Survivors, loved ones find hope in Relay for Life


After several years of remission, Glendale resident Ann Rogers’ breast cancer returned last year.


This time, it’s terminal, she said, and though it would be easy to stay in bed, she sat in a lawn chair Friday night in Central Hardin High School’s gym with a survivor medal and purple Relay for Life shirt.

“It just gives you an idea you’re not the only one going through it,” Rogers said about Relay.

Forty-eight teams signed up to participate Friday in Elizabethtown’s Relay for Life, co-chairwoman Carla D’Alessio said, and more than 1,200 Luminaria bags were purchased in memory of a friend or loved one.

According to D’Alessio, this year’s team count was the highest in the four years she has co-chaired the event.

“They show up here because (cancer) has touched so many lives, regardless of the age,” she said. “They support their survivors.”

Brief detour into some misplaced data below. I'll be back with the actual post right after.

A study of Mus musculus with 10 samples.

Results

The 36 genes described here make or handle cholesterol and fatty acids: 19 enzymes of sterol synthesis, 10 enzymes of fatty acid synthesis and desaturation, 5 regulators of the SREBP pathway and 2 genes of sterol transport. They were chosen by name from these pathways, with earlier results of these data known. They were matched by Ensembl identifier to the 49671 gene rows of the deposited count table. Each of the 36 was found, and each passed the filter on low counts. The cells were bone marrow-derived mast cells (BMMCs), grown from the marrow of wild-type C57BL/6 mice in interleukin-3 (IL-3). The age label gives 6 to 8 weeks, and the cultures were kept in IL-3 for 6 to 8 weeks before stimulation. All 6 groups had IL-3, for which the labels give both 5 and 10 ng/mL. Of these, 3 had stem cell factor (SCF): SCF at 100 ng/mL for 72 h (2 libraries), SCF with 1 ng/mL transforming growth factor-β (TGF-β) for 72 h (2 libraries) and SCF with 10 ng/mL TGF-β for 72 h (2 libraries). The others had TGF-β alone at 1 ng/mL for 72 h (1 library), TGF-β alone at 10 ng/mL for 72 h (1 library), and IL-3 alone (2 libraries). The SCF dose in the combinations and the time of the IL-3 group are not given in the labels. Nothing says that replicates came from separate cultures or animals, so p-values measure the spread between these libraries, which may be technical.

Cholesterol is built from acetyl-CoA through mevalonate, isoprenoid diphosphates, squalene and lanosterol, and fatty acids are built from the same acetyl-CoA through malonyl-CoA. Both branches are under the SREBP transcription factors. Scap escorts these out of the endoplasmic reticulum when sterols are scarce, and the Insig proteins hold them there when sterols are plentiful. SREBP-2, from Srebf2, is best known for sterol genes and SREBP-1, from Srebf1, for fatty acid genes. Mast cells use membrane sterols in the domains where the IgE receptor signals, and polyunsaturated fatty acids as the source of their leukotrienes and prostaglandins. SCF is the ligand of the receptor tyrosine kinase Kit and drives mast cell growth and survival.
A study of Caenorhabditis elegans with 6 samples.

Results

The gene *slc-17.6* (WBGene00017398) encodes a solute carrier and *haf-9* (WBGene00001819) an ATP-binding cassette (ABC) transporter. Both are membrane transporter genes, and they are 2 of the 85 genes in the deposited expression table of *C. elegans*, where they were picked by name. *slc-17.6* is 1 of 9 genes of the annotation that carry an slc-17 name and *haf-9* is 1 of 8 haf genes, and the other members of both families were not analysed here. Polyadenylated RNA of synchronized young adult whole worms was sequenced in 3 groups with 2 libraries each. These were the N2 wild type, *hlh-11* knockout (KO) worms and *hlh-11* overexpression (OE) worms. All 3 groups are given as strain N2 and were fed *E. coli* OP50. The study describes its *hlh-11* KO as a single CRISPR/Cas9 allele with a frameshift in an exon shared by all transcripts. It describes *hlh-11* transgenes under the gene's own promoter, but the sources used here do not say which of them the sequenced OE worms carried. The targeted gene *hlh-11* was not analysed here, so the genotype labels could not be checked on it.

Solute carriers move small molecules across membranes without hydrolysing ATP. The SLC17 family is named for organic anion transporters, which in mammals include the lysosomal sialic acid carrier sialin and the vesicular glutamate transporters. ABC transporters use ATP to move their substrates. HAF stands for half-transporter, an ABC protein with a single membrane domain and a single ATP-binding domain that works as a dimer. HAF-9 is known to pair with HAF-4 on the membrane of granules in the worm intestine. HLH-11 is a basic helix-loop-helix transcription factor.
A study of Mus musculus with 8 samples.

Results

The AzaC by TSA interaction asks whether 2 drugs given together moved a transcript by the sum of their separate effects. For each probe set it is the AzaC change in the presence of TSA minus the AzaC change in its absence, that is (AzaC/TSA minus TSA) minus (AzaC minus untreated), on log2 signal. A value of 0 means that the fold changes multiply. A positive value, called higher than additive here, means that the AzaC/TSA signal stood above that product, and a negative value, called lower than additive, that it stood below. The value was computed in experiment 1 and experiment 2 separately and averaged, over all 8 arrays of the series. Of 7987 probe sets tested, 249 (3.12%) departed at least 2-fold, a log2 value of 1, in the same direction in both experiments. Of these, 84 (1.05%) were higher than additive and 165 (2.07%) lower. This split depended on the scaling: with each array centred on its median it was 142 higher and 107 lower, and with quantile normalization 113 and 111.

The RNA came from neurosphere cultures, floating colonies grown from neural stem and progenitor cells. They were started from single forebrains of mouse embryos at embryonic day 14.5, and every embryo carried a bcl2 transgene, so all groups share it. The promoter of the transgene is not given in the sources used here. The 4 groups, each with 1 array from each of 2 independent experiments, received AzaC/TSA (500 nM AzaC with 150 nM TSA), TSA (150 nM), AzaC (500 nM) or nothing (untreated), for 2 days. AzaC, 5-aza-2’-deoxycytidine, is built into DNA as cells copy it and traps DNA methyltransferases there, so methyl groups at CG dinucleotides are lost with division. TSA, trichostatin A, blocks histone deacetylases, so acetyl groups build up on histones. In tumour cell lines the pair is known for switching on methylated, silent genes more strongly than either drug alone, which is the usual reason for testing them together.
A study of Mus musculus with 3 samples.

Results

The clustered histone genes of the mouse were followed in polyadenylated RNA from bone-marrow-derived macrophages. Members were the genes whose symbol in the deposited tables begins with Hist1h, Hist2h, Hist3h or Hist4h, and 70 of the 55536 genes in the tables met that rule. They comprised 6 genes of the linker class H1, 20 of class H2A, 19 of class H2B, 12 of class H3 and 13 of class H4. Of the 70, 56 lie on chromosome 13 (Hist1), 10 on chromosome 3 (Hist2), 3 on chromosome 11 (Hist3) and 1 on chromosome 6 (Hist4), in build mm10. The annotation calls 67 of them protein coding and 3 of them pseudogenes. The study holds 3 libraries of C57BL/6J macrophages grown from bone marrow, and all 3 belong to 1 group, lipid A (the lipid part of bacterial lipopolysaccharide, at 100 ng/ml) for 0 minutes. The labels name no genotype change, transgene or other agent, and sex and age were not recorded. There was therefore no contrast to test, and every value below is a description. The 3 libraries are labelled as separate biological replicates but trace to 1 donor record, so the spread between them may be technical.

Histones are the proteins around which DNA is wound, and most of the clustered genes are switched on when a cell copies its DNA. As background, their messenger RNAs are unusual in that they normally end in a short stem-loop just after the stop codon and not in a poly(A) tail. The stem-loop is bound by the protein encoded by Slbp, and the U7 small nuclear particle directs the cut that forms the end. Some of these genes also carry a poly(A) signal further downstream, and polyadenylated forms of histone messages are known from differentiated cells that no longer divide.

Traditionally, Relay participants set up around the Central Hardin track, but this year’s rainy forecast sent team members indoors, D’Alessio said.

As of Friday night, she said the Elizabethtown Relay had raised more than $100,000. This year’s goal was around $150,000, and D’Alessio said she was confident the fundraiser would reach that mark.

Two-year survivor Lisa Kibler of Elizabethtown was diagnosed in 2010 with non-Hodgkin’s lymphoma. While she was receiving treatment, Kibler said her coworkers put together the team PISA 4 LISA and participated in the Lymphoma Society Walk in Louisville.

Standing in front of the same black banner her coworkers crafted three years ago, Kibler said she cried when she first saw it and they have continued to participate under the team name PISA 4 LISA ever since.

The PISA, she said, stands for “pray, inspire, support and admire.”

Participating in relay is about supporting all those who have been touched by cancer, Kibler said, whether it’s a survivor or someone who has lost a loved one.

Rogers chooses to participate in Relay, she said, not only for herself but for her 16-year-old daughter.

“Just to see that people survive,” Rogers said, “that there’s hope.”

Sarah Bennett can be reached at (270) 505-1750 or sbennett@thenewsenterprise.com.